Community-Led-Local-Development takes the lead in supporting Scotland's rural population
Posted on 20 July 2020
A review of the Scottish LEADER programme has been published by SRUC.
The LEADER programme is shaped by the principles of Community-Led-Local-Development (CLLD), proposed by EU’s Member States, and then implemented at a local level by Local Action Groups (LAGs), who inform the creation of their own Local Development Strategy.
In the first review into the legacy and impact of the programme in Scotland, since LEADER launched in 1991, researchers from Scotland’s Rural College (SRUC) have recommended continued support for decision-making about local funding to remain embedded in rural communities.
They said in the long-term, LEADER should continue as part of a new rural and agricultural support system to be introduced after the Brexit transition period.
The researchers, from SRUC’s Rural Policy Centre, warned that without a dedicated LEADER-style programme in the future, there was a risk the legacy of the programme would be curtailed, which in turn could potentially undermine the objective of sustainable, inclusive growth across Scotland.
Since it was introduced in Scotland, LEADER has funded 6,194 projects resulting in investment of more than £500 million in community development. Between 1994 and 2013, it created 3,224 jobs and 1,968 new businesses (including social enterprises).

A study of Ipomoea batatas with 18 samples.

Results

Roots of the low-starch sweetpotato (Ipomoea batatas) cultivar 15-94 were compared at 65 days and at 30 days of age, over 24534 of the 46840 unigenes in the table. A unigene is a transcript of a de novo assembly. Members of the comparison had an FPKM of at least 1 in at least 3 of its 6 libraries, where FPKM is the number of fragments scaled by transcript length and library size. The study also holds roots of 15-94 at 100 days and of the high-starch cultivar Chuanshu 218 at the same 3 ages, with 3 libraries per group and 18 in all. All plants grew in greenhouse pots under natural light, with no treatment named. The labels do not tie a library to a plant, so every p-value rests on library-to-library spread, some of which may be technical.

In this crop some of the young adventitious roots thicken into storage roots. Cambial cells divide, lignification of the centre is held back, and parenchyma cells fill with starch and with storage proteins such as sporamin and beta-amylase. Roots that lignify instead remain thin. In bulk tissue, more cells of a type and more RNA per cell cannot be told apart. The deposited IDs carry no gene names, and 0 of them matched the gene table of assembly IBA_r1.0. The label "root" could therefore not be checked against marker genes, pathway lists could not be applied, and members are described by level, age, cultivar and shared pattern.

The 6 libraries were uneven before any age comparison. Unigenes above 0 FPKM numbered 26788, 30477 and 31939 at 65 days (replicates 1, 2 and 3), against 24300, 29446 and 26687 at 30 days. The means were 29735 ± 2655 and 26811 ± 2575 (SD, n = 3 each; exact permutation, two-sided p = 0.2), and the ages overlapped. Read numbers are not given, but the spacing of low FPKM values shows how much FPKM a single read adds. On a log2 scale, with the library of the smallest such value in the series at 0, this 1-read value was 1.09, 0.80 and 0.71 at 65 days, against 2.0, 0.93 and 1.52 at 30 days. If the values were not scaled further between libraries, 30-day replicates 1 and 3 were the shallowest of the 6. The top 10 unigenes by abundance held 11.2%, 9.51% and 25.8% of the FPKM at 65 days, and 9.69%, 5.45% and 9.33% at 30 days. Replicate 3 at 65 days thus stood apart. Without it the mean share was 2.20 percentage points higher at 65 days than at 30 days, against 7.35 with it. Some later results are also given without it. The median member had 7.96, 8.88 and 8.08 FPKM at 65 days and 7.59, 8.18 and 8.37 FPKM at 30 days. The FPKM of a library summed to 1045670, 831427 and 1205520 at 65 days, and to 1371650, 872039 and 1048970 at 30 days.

Geographical coverage of the initiative has increased over time, and in the current programme (2014-20), 87 per cent of Scotland’s rural population - almost two million people - are covered by a Local Development Strategy.
Rob McMorran, Rural Society Researcher at SRUC and co-author of the report, said: “This research was completed at an important time – pre-Brexit – to inform how the LEADER approach will continue in Scotland in the future, outside the EU.
“The report identifies the key achievements and impacts of LEADER, including investment in local economies and employment creation, as well as identifying the current key challenges for the programme in Scotland.
“These findings will help inform debates around the future of the LEADER programme and feed into the work at local, regional and national levels relating to the future of community-led local development in Scotland.
“The report recognises the importance of the programme to Scottish communities and outlines proposals on possible future options for LEADER (or a LEADER-like model) at a period of considerable uncertainty relating to post-Brexit policy.”
The report, which is published on SRUC’s website, was commissioned by the Scottish Government’s Rural and Environment Science and Analytical Services (RESAS).